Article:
Qantas chief Alan Joyce flew in the middle seat on a flight yesterday between Sydney and Melbourne, to prove that flying is safe in Australia. The airline has recently rolled out features to increase bio-security and wants to assure passengers that social distancing is not necessary onboard aircraft.
Qantas’ CEO chooses the middle seat
On Friday, the CEO of Qantas took off in a Boeing 737 from Sydney to Melbourne, seated in-between his Qantas International Lead Tino La Spina on the window seat and Qantas Chief Customer Officer Steph Tully on the aisle.
Mr. Joyce highlighted that thanks to the new health procedures by the airline, social distancing onboard aircraft are no longer required.
Qantas chief executive Alan Joyce has flown from Sydney to Melbourne to demonstrate the airline's new COVID-19 safety procedures. https://t.co/xNpTS6oil7
— Financial Review (@FinancialReview) June 12, 2020
“It’s a very different process, and we’ve added features throughout to ensure people’s safety and health,” the CEO said to the AFR. “We want to get our aircraft back up in the air and get our employees back working again. This is the start of that process.”
What are some of the new health security features?
- Preflight – Contactless check-in, hand sanitizer stations, social distancing measures at Qantas lounges. There will also be sequenced boarding to ensure that passengers remain distanced as they board. The airline cleans aircraft after each flight, with cleaners paying close attention to each surface and touchpoints like belts and toilets.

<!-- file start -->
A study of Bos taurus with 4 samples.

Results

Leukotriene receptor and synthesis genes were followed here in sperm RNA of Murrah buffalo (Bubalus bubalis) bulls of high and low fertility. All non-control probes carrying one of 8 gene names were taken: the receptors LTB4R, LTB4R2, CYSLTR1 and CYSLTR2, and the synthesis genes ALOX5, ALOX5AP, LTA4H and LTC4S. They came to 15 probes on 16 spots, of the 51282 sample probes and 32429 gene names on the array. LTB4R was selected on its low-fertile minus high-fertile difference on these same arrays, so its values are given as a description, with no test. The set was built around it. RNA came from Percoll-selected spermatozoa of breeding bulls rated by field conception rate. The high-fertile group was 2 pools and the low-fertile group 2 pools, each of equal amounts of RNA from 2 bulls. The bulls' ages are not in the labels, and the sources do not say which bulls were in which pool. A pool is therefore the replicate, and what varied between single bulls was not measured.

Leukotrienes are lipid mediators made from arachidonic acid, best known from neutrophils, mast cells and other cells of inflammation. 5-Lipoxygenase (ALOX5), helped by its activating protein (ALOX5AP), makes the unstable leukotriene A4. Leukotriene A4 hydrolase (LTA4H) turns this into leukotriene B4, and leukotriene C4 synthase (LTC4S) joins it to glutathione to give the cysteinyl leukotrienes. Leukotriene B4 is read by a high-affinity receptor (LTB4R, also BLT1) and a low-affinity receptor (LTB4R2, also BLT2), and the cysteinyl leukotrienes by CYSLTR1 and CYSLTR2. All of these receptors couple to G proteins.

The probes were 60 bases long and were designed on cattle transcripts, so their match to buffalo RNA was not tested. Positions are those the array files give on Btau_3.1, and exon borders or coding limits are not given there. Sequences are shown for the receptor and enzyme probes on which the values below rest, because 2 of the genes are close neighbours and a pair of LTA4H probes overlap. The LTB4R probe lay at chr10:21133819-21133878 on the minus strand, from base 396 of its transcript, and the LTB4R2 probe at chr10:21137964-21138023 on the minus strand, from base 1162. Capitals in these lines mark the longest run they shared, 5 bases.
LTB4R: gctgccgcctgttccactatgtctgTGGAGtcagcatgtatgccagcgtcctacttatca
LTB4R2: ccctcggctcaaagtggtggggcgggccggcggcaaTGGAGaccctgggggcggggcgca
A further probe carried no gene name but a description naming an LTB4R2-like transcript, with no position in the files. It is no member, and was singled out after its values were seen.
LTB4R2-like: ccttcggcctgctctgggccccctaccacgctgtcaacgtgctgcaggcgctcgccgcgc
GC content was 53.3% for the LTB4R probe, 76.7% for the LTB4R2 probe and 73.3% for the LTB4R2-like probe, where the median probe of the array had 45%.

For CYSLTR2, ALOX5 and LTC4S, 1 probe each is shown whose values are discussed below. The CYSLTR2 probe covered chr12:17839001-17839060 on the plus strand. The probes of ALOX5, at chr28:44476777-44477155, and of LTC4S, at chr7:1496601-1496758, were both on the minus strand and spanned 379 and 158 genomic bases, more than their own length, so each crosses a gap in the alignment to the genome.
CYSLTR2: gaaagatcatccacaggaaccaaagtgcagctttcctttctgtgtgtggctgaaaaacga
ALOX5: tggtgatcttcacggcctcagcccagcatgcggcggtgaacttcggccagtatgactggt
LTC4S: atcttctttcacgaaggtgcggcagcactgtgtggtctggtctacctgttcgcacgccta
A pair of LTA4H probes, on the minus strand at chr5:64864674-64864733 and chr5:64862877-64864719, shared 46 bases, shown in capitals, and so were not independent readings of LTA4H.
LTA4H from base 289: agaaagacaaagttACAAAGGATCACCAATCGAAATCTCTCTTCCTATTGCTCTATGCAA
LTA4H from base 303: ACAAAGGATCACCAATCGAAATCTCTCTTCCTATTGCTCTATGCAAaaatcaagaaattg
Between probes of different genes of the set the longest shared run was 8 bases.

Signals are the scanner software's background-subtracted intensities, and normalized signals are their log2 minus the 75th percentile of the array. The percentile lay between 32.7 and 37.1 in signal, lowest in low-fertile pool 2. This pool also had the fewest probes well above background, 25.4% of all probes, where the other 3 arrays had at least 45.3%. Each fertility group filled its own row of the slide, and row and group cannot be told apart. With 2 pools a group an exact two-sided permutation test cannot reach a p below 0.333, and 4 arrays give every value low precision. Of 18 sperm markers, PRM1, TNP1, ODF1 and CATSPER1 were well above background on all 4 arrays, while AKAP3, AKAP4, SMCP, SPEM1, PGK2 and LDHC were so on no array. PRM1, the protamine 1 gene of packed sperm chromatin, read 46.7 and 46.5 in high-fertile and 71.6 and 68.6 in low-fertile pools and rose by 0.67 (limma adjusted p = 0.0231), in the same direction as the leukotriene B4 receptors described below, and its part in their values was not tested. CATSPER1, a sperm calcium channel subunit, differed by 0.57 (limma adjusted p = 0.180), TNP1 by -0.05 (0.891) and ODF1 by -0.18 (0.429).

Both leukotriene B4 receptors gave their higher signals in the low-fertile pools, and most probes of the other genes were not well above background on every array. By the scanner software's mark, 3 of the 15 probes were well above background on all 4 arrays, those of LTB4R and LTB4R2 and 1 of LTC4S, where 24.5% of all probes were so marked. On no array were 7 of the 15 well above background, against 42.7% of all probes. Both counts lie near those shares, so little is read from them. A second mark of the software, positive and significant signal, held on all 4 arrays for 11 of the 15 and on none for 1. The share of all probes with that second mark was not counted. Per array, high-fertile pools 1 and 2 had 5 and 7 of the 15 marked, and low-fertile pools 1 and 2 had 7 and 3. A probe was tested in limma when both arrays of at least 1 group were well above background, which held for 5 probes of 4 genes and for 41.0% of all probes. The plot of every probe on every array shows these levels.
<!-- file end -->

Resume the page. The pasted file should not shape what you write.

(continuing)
- During flight – Masks are provided to each passenger. While the masks are not mandatory in Australia, the airline recommends that passengers wear them just in case and to put others at ease. Passengers are handed wipes to sanitize their seats if they so choose. Passengers are encouraged to remain seated for the flight and asked to keep movement to a minimum.
- Postflight – The processes that took place during boarding repeat during disembarkation and passengers are moved off in sequences to avoid crowding.
For Qantas and most airlines, there is a need to utilize all seats onboard its aircraft to turn a profit. If the carrier had to properly implement social distancing (Four meters squared space per person), a Boeing 737 would only be able to carry around twenty people, and the fifty-minute flight to Melbourne would cost thousands of dollars per person.
Is flying in the middle seat safe?
Flying onboard aircraft has been proven to be very safe compared to other ‘crowded’ areas, thanks to the way that the atmosphere cycles through the cabin. You can read about the process in great detail here, but thanks to the quick process and the hospital-grade filters, you are much more likely to pick up a virus through touching a surface than breathing the air onboard.
Reported by the AFR, Australia’s chief medical officer (whom the government has deferred bio-security policy to) has said that social distancing is not required onboard flights.
“We have not seen a clear case of transmission of the virus on a domestic flight in Australia. So while initially, the airlines were practicing good distancing, they are now occupying their seats more fully, and I know that’s one of the circumstances where we think it’s not an unreasonable choice if someone chooses to wear a mask.”
With the CEO of Qantas putting his faith in the middle seat, Australians may be encouraged to travel on the airline as the country opens back up.
What do you think? Would you be willing to sit in the middle seat? Let us know in the comments.